Dec 26, 2019


Oh, the Amityville Horror series. How many of you are there now? Eleven? Twelve? Way more if we count all those bogus distributors legally exploiting the “Amityville” name?

And how many of you are actually “good”?

Counting the 1976 original…not a one. And Amityville: The Awakening definitely isn’t going to change that.

Amityville: The Awakening began life way back in 2011 as Amityville: The Lost Tapes, a Paranormal Activity-ish take on the most marquee-famous haunted house horror series there is. This version ultimately didn’t come together and was heavily revised; ditching the script and concept in favor of something more traditional, Maniac remake director Franck Khalfoun pretty much started from scratch. What resulted was something definitely traditional — in fact, too traditional — resulting in a very standard haunted house chiller.

Khalfoun gets absolute credit for at least introducing a novel concept into the Amtityville mythos — even if it’s a riff on the Australia ‘70s chiller Patrick — in the form of a comatose member of the family who may or may not be invaded by the evil spirits of 112 Ocean Avenue. Khalfoun also attempts to softly “reboot” the Amityville name by acknowledging the existence of The Amityville Horror franchise as simply that — DVDs for a handful of the original films (and the remake, which “sucks”) make cameos — and this feels clever and necessary for about two seconds until you realize that Amityville: The Awakening is going to hit all the same beats those previous films did, anyway, right down to how the original and the remake conclude.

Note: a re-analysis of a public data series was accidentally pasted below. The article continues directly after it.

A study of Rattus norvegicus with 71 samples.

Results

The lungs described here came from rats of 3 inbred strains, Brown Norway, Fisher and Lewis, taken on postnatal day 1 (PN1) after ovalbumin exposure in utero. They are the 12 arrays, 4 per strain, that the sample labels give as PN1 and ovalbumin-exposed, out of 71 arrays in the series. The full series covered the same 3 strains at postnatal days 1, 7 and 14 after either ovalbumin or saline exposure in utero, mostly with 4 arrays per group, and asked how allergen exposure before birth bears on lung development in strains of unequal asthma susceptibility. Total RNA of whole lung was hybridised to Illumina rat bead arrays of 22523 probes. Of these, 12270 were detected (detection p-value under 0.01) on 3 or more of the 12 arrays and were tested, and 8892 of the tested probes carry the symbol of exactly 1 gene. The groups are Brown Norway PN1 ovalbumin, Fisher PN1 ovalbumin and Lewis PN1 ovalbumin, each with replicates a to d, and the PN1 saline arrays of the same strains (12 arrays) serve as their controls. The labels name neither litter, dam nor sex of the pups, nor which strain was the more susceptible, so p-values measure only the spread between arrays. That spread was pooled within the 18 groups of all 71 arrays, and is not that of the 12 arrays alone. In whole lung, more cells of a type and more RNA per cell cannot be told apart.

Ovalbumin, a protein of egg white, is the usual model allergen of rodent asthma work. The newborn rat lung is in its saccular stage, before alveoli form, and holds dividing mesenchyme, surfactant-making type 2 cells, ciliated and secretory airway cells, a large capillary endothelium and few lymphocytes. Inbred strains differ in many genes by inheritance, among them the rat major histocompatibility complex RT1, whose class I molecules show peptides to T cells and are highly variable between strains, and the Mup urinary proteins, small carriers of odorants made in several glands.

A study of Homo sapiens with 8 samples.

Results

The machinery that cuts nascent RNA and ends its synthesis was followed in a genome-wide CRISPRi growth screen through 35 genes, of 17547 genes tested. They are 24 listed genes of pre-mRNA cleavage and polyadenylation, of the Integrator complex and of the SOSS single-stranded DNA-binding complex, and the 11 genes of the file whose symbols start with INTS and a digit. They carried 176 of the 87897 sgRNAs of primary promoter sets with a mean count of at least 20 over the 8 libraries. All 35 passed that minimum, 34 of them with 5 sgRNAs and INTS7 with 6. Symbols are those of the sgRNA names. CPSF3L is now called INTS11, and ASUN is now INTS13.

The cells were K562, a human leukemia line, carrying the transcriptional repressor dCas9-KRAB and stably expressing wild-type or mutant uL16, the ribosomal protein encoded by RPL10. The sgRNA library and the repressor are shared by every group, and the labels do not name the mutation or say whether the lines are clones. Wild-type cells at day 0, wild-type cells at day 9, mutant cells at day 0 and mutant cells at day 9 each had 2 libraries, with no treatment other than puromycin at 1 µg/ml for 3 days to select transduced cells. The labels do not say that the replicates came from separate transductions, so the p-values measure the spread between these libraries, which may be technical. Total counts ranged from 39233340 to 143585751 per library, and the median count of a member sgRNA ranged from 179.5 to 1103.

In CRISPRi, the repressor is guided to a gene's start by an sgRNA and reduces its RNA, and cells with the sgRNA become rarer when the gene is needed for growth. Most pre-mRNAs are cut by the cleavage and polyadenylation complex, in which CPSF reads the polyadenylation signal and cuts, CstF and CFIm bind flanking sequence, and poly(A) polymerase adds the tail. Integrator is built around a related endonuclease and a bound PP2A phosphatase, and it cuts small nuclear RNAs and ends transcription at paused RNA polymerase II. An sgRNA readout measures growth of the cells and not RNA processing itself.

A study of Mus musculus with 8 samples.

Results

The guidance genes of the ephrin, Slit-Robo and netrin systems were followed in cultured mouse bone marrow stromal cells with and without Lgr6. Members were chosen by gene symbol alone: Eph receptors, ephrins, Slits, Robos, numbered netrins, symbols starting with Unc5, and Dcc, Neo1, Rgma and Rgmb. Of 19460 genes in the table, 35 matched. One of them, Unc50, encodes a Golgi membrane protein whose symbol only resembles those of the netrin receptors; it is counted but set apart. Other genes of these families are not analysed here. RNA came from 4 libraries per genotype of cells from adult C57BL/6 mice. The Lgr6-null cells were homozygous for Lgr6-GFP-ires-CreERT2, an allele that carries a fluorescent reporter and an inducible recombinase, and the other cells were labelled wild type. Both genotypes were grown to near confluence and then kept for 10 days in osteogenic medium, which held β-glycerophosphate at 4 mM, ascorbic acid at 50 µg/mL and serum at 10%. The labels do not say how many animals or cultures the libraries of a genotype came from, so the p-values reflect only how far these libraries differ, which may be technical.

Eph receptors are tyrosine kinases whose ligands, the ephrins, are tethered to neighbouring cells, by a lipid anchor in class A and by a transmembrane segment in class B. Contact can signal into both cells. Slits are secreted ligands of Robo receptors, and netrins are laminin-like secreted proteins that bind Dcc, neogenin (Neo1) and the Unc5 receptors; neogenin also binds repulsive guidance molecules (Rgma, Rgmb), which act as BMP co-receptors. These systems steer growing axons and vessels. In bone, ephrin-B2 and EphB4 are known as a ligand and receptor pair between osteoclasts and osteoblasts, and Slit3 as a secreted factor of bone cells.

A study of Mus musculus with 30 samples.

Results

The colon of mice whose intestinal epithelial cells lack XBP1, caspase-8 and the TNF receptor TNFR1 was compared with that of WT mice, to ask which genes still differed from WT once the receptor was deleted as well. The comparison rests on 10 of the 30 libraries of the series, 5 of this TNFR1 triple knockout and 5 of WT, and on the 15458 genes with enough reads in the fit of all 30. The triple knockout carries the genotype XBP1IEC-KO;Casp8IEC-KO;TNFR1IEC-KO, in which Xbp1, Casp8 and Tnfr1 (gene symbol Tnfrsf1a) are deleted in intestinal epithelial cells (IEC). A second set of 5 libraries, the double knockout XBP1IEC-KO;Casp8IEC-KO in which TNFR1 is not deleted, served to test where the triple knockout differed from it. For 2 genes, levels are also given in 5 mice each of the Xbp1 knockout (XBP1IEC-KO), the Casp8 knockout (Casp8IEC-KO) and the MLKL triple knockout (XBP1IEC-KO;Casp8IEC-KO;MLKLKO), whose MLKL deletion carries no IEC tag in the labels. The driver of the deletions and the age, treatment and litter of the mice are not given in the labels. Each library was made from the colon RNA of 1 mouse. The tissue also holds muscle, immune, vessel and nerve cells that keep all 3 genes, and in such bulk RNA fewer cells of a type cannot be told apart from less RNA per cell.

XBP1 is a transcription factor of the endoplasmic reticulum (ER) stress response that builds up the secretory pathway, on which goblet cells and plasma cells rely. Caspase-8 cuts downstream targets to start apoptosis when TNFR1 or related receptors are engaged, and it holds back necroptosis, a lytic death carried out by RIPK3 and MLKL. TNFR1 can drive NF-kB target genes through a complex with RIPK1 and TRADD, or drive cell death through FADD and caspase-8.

Four years ago, the concept of Blumhouse and Jennifer Jason Leigh collaborating on a micro-budget take on The Amityville Horror would have been a cause for excitement, but the finished product lacks the ingenuity and eye for creative talent that Blumhouse has brought to previous productions. And poor Jennifer Jason Leigh is totally wasted in the “mom” role (and you can tell she’s not into it), while real lead Bella Thorne’s atrocious acting only moderately improves when she’s walking around her creepy old house with no pants on, or doing her biology homework with no pants on, or putting her baby sister to bed with no pants on. (And for the nth time in movies like this, her character is a pariah at school and referred to as “freaky girl,” even though Thorne is absolutely gorgeous.)

Moments meant to spur horror are instead hilariously over the top and only effective in causing bursts of laughter — the film gets its creepiest mileage by having Cameron Monaghan, who plays the comatose veggie, lay in a hospital bed with his creepy unblinking eyes wide open and staring. Following all the DOA jump scares, snippets of profanity-spewing demons, and wondering what on earth Kurtwood Smith is doing here, you, too, will want to put this Amityville house back on the market as soon as possible.